Are More Protections for Minnesota Working Parents on the Way?
We recently alerted you to proposed legislation that, if passed, would expand last years Minnesota Womens Economic Security Act (WESA) by requiring paid sick and safe time off benefits for almost all Minnesota employees and extending pregnancy accommodation and parental leave obligations to all Minnesota employers.  You should be aware that Minnesota lawmakers are at it again. Late last month, additional legislation (HF 1093 and SF 1085) was proposed that is aimed at benefiting working parents. Together with the earlier proposed sick and safe leave bill, the legislation is being referred to as the Working Parents Act. 
If enacted, the Working Parents Act would considerably expand WESA and impose a number of significant new obligations on all Minnesota employers related to work schedules, pay, breaks, and flexible work schedules. While most of the proposed changes appear to be the type that would normally be aimed at non-exempt employees subject to timekeeping and overtime pay requirements, the legislation is drafted to extend to all employees whether exempt or non-exempt. As currently proposed, the Working Parents Act would include the following new requirements:
Fair Scheduling: All Minnesota employers would be required to:
  • Provide each employee a written work schedule, including any on-call time, at least 21 days in advance; 
  • For new employees, provide a written work schedule on or before the beginning of employment covering the employees first 21 days;
  • Notify each employee of any changes in his/her work schedule before the change takes effect and provide a revised written work schedule reflecting the changes within 24 hours of making the change;
  • Post a written schedule of the shifts of all current employees at the worksite, whether or not they are scheduled for work or on-call that week, at least 21 days before the start of each work week and update the posting  within 24 hours of any change;
  • Start an employees work week on the same day of each week;
  • Not require an employee to work hours not included in the employees written work schedule without the employees written consent; and
  • Not require an employee to seek or find a replacement employee for any shifts or hours the employee is unable to work.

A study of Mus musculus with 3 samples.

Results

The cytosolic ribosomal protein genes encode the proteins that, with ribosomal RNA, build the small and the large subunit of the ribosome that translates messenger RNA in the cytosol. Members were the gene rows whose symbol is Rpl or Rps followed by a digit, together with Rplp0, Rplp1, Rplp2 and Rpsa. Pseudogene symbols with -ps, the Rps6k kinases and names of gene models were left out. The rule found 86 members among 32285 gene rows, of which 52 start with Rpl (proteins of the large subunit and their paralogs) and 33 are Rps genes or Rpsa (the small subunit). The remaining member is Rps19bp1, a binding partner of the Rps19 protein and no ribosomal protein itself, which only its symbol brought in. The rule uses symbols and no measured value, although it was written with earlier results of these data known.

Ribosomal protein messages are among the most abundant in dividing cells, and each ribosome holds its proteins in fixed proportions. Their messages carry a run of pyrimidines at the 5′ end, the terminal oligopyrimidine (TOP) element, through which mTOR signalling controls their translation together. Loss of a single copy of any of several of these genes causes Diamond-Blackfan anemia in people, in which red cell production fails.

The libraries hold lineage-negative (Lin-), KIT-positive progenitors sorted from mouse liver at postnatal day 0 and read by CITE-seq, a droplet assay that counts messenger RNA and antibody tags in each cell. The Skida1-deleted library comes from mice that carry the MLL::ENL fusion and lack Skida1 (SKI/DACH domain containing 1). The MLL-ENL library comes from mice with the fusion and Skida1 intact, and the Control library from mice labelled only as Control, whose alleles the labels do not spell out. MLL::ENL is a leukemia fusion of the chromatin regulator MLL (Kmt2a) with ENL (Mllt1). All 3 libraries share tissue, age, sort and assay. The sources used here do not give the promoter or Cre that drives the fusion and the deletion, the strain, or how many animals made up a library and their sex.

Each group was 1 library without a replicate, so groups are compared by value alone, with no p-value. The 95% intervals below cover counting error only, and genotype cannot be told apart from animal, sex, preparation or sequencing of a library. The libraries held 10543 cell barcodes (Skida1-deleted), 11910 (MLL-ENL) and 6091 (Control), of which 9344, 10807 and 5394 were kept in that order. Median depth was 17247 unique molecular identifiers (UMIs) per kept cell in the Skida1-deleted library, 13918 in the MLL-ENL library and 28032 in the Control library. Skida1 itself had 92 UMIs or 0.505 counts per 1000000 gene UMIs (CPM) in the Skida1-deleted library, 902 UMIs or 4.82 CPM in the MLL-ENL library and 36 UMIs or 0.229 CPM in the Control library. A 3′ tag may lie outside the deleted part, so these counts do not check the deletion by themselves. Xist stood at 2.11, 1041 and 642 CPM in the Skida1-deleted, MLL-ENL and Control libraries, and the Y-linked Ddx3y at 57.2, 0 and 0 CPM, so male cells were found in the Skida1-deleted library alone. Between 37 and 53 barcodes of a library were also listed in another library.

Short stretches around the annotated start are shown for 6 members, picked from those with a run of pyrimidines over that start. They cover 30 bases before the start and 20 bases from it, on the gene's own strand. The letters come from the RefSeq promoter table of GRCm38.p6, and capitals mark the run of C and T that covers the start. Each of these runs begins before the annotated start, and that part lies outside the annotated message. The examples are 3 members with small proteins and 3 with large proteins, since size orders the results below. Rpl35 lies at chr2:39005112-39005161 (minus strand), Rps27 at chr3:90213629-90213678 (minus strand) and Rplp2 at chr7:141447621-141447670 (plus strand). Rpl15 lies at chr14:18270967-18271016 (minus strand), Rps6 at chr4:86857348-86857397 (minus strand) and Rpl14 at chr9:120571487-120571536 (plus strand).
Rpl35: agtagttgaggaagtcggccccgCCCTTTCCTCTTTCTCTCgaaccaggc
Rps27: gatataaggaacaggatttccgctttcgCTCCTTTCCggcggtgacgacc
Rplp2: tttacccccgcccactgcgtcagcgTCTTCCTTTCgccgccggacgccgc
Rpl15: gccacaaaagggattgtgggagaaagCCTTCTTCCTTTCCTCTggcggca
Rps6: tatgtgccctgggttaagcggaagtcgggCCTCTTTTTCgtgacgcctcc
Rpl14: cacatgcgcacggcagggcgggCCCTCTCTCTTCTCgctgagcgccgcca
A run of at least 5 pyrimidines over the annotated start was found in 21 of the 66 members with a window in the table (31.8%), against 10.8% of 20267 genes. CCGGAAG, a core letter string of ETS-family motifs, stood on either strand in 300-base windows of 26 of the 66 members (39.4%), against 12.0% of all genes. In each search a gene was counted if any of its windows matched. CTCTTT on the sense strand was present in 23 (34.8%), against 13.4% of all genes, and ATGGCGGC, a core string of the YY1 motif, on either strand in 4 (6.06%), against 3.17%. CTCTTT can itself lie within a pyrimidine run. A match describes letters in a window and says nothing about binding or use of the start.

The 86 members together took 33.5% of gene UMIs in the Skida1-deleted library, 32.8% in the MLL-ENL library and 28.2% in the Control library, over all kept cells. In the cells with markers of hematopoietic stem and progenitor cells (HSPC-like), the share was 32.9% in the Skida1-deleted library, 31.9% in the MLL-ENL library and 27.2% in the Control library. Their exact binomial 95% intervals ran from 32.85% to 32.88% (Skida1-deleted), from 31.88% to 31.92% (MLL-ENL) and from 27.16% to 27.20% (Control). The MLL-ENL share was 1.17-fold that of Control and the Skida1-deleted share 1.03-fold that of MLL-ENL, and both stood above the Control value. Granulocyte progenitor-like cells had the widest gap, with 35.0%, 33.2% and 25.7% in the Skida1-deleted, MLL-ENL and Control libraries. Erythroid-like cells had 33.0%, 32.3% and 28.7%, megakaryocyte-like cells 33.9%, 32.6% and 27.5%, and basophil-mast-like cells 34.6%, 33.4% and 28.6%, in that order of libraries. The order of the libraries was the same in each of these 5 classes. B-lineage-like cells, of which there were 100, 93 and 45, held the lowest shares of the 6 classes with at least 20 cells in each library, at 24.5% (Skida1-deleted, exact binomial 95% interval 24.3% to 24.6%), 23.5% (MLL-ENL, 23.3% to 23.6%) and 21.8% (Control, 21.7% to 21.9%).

Predictability Pay: All Minnesota employers would be required to provide compensation to an employee for certain changes made to the employees work schedule less than 21 days in advance, as follows:

  • If the change or cancellation is made less than 21 days but more than 24 hours in advance, the employer would pay the employee one hour of predictability pay in addition to the wages earned during the changed shift;
  • If the change is made less than 24 hours in advance, but does not reduce the total hours of the shift, the employer would pay the employee one hour of predictability pay in addition to the wages earned during the changed shift; and
  • If the change or cancellation is made less than 24 hours in advance and reduces the total hours of the shift, the employer would pay the employee predictability pay equal to the lesser of four hours or the number of hours originally scheduled, in addition to the wages earned during the changed shift.
Nondiscrimination Based on Hours of Work: Minnesota employers could not pay employees a different rate of pay based on the number of hours the employee is scheduled to work. In addition, employers could not condition eligibility for leave, time off, raises, or promotions on the number of hours an employee is scheduled to work, but would be able to pro-rate employee leave or time off based on hours worked.
Right to Rest: Employees would have the right to decline work hours that occur either: (1) less than eleven (11) hours after the end of the employees prior shift or (2) during the eleven (11) hours following the end of a shift that spanned two days.  Employers would be required to compensate employees who do work such hours at one and one-half times the employees regular rate of pay.
Rest and Meal Breaks: The new law would require one paid rest break of at least 10 minutes for every four consecutive hours of work and one unpaid meal break of at least 30 minutes for employees who work at least five consecutive hours.
Interactive Process for Flexible Work Arrangements: All Minnesota employers would be required to engage in an interactive process in response to an employees request for a flexible working arrangement, such as a modified work schedule, changes in start and end times, a predictable and stable schedule, part-time employment, job sharing, telecommuting, changes in job duties or work site, or partial-year employment. If the employees request is based on the employees serious health condition, responsibilities as a caregiver, enrollment in a career-related educational or training program, or, in the case of part-time employees, second job, the employer must grant the request.
In addition, the proposed Working Parents Act would:
  • Require employers to offer additional hours of work available in existing positions to current qualified employees before hiring new employees or contractors.
  • Require employers to provide written statements with detailed information about the terms and conditions of employment to employees annually and at the time of hire.
  • Increase potential penalties for violations of Minnesota wage and hour laws and potential criminal liability for some violations of the Minnesota Fair Labor Standards Act. 
  • Increase the statute of limitations to six years for any claims for the recovery of unpaid wages or overtime.
Stay tuned for developing information about this proposed Minnesota legislation. If so inclined, readers can contact their state representatives to voice their opinions on the Working Parents Act.